Wanning: the capital of surfing in China | Photo: Swatch/Damien Poullenot

China, formally The People's Republic of China, is an East Asian nation. It is the most populated country in the world, with more than 1.35 billion inhabitants, and one of the most ancient civilizations in the world.

The country of the Great Wall has a total land area of 9.6 million square kilometers.

It is bordered by 14 countries, namely Russia to the northeast, India, and Pakistan to the south, Vietnam to the southeast, and Afghanistan to the west.

The coastline is 14,500 kilometers long. China faces the Pacific Ocean, and it is bathed by the Bohai, Yellow, South Asian, and East Asian seas.

China's climate varies according to its extensive size and complex geography, but it is prevailingly continental, with cold, dry winters and moist, hot summers.

The average temperatures in the capital, Beijing, vary between -3.7 °C in January and 26.2 °C in July.

The rainy season occurs between May and September due to the southeast and southwest monsoons. Rain falls with more intensity in the southeast regions.

The southeast coast is also usually exposed to typhoons between July and September.

Surfing has been growing steadily in China in the 21st century.

The first professional surfing events may be new, but the quality of the waves has been in the country ever since.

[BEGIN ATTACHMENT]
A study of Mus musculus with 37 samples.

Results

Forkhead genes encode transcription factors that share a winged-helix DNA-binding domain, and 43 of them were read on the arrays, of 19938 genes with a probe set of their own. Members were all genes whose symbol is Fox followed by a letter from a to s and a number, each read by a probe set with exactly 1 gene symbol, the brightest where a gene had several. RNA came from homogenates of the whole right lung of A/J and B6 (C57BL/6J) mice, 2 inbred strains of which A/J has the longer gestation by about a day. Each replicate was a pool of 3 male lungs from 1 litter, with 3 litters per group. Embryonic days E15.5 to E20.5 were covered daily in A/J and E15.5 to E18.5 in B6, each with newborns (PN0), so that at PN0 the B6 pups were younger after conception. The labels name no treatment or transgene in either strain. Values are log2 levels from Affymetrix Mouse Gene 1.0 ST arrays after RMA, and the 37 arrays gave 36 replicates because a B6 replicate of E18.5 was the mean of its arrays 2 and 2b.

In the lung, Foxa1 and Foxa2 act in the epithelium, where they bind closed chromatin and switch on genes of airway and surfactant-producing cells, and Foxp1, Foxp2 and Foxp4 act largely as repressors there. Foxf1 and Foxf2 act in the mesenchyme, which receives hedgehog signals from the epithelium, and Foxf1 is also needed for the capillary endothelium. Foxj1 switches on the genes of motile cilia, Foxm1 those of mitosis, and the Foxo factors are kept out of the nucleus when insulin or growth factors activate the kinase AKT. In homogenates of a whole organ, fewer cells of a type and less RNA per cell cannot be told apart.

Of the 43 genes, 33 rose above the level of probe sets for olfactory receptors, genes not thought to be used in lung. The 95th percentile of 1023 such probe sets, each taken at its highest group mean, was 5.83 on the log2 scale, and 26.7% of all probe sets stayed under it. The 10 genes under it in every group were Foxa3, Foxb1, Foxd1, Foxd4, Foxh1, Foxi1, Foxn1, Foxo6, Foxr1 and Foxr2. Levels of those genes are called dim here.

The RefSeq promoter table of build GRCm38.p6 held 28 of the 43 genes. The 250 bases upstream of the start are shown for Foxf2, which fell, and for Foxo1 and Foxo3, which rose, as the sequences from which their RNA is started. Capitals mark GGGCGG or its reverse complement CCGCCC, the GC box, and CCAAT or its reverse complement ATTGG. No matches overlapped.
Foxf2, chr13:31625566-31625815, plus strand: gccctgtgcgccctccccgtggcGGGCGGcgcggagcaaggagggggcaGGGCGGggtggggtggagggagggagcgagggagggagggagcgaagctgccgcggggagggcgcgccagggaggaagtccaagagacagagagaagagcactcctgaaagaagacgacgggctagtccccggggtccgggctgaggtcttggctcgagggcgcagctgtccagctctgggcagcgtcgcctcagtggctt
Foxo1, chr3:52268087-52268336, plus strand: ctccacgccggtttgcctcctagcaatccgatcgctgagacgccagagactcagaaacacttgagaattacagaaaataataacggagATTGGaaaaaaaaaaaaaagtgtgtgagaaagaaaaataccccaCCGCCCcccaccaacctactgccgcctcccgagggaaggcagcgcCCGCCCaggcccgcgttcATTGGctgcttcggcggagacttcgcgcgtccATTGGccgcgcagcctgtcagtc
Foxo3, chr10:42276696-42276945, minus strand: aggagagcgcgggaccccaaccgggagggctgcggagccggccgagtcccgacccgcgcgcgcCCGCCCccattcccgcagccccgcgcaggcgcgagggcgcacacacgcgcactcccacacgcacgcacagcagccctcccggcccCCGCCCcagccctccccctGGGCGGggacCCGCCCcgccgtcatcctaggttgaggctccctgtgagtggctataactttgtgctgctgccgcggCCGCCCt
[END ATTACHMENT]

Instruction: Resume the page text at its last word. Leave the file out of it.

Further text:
Hainan Island is undoubtedly the capital of surfing in China. Today, Wanning attracts hundreds of surf tourists every week.

The howling offshore winds, the Pacific swells, and the sandy beaches do the rest.

On the east coast of Hainan Island, look for several surf opportunities between Ganzhe Dao and Xincun Gang.

In this strip, there are great surf spots for the winter season: Shimei Bay, the famous Riyue Bay, Ho-Hai Beach, and "Matos."

During the summer season, China's best waves are located in the south of Hainan Island.

The surf spots of Sanya Bay, Dadonghai Bay, Yalong Bay, and "One Man Left" could easily be surfed near Sanya.

The Qiantang tidal bore is famous yet dangerous.

If you want to surf down the river from Hangzhou Bay, almost 30 miles past the city of Hangzhou, you need permission from the local authorities.